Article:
Cape Cod’s housing Catch-22
Low inventory, high prices driving year-rounders away
MELANIE SMALL has been out of a home for about a month. She was living in a rental in Orleans with her 8-year-old daughter until her landlord sold the unit and she had to move out. She was given advance notice and had about a year to look for a new place, but inventory was low and what was available wasn’t affordable.
Small works three jobs. In the summer she shucks oysters for the Holbrook Oyster Company, during the school year she is a cafeteria worker at Orleans Elementary School, and she just started a year-round bartending position at Hog Island Beer Co., a brewery in Orleans.
Since their lease ended, she and her daughter have been relying on friends and family for shelter and moving often. “It’s hard for an 8-year-old to have to keep moving so much. It’s just kind of stressful not really knowing where we’re going to go,” she said.
Small is far from alone in her struggle to find housing she can afford on Cape Cod, where she grew up and put down roots.
She watches the cycle repeat itself: a renter loses their unit and is forced to give up their job, pull their children from school, and leave the shoreline community behind. “We are losing our communities—our workforce—and families are being displaced due to poor housing policy and a lack of urgency,” she said.
The issue is one of both low inventory and high prices, with each factor exacerbating the other. When the pandemic hit, the housing market went wild. As inventory dropped and prices soared, Massachusetts’ iconic seashore felt the market pressure acutely. Barnstable County saw its median sales prices rise 33 percent between spring 2020 and 2021, the fourth highest jump in the country. On top of that, high demand for seasonal rentals and an aversion from existing homeowners to densify the area pushed an already competitive market to its limit.
When determining rental assistance programs, the Department of Housing and Urban Development assumes that no more than 30 percent of an individual’s income should go to rent and utilities. In 2019 the median income for an individual in Barnstable County was just over $36,000. But finding a unit for $900 a month—utilities included—is not likely. Magnotta said one-bedroom units are going for $1,500 or more per month. For two bedrooms, the rent jumps to $1,800.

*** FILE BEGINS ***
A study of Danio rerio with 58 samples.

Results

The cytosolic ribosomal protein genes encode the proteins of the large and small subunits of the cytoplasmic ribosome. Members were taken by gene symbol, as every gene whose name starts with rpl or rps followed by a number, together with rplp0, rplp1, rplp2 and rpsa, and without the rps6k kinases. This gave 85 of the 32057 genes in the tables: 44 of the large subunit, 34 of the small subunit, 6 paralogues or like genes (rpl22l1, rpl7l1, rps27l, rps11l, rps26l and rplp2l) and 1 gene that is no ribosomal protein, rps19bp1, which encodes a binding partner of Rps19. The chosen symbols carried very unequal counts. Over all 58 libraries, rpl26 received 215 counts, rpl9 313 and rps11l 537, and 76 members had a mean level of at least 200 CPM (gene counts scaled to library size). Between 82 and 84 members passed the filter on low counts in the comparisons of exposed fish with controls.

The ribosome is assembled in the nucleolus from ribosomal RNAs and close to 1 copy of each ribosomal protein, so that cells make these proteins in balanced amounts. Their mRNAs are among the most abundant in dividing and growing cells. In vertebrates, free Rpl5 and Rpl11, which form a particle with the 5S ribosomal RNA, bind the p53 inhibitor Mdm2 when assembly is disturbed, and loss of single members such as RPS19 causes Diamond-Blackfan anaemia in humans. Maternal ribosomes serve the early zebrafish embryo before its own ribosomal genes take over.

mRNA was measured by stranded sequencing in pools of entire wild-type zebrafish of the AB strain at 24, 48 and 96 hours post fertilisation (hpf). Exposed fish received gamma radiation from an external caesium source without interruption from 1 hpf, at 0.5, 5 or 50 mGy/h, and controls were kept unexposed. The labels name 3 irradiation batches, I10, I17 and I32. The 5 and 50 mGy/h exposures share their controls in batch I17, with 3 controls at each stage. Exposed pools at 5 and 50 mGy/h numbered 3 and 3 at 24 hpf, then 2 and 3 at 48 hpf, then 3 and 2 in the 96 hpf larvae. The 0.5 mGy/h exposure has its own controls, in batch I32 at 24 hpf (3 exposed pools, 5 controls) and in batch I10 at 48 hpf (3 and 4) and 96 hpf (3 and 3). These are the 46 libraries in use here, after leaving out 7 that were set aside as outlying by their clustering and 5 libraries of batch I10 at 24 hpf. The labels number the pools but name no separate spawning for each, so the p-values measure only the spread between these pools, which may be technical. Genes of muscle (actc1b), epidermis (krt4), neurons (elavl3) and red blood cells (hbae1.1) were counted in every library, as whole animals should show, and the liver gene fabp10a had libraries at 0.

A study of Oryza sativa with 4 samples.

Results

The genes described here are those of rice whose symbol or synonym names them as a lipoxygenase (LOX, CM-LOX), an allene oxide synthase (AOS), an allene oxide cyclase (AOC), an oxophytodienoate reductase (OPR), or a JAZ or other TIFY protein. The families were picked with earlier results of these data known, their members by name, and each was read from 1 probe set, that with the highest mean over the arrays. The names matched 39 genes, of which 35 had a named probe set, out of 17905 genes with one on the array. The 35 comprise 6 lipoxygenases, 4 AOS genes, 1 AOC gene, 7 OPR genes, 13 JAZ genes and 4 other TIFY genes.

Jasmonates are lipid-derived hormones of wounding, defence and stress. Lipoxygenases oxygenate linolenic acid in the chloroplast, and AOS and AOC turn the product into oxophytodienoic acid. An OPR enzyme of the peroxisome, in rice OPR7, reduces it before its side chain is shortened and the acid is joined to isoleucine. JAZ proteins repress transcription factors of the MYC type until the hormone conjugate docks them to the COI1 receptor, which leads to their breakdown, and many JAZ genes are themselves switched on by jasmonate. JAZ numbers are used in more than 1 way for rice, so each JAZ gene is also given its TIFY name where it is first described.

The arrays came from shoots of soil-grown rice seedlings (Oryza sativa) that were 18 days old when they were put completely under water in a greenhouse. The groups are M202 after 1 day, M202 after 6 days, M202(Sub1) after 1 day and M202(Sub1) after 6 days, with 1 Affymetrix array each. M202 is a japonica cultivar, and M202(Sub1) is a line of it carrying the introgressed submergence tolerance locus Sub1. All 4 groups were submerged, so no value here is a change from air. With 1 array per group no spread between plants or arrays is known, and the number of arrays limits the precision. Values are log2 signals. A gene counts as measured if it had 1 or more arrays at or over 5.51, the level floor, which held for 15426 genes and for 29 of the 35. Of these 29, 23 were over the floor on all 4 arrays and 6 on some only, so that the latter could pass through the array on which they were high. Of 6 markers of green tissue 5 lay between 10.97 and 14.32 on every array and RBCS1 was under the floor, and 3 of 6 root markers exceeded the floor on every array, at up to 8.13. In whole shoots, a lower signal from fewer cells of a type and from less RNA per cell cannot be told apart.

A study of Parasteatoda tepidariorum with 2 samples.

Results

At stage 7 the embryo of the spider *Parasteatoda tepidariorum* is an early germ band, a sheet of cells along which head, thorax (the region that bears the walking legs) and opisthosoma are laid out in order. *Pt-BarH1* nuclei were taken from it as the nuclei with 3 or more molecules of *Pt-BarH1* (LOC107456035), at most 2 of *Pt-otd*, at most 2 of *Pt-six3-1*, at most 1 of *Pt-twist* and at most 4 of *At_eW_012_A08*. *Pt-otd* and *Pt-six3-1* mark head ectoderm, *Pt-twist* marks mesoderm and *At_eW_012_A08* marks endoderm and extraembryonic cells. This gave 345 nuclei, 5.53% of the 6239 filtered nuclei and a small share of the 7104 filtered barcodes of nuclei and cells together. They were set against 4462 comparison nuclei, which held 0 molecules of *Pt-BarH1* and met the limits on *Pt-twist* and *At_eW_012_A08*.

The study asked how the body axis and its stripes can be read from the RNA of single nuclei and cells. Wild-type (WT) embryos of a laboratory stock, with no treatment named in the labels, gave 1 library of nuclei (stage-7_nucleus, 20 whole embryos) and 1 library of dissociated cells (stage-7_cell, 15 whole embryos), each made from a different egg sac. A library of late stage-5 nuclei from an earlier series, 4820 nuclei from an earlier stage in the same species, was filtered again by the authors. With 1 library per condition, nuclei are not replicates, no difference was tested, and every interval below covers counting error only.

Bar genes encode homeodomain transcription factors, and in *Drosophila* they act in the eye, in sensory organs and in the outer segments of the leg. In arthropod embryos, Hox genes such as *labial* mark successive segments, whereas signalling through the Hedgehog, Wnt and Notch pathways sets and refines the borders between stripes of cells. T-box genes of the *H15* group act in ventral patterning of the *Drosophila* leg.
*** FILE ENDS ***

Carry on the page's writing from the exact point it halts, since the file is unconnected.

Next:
The median rent in Barnstable County is higher than in 98 percent of the country and 75 percent of counties in the state.
Even for those who can afford to rent, the inventory just isn’t there. Magnotta said that when a rental opens, there will be hundreds of inquiries. She said people are turning to social media to search for places, filling platforms with desperate posts about losing housing and finding nowhere else to go.
Mike McNamara, owner of Hog Island Beer Co., said housing is a struggle for many of his employees, especially during the summer. It’s not uncommon for workers to spend a few weeks on a friend’s couch, waiting for a rental to open up and he’s heard of some people staying in their cars.
McNamara recently lost a manager because the home her family rented in Yarmouth was sold. She couldn’t find another affordable year-round unit, so she moved to Florida. “The lack of housing literally forced them off [the] Cape and out of Massachusetts,” he explained.
The housing struggle on the Cape is not new, and advocates have long been warning that it will continue to worsen. In 2017, the Cape Cod Commission, the regional planning authority for Barnstable County, released a report on housing trends and forecasts.
The report explains that housing markets typically play by the rules of supply and demand, with rates fluctuating based on what people can and will pay. As a vacation hotspot, seasonal demand interferes with that on the Cape.
Following the 2009 housing crisis, demand for seasonal units from Boston and New York City dwellers skyrocketed. Some new units were built, but many existing homes were converted from year-round to seasonal occupancy. The result was a 3,000-unit decline in year-round residencies from 2010 to 2015 and a huge discrepancy between affordable inventory and need.The gap was worst for households making 80 percent or less of the area’s median income. For that population, there were an estimated 26,364 too few affordable units in 2015. But the researchers projected that by 2025 the stress will have crept up to significantly impact those making 100 to 120 percent of the median income.
Small isn’t optimistic the market will open up any time soon. “There’s just nothing, unfortunately,” she said. She has applied for programs through Habitat for Humanity and other resources, but waiting lists are long. For now, she and her daughter will continue to stay with family while they work out a long-term plan.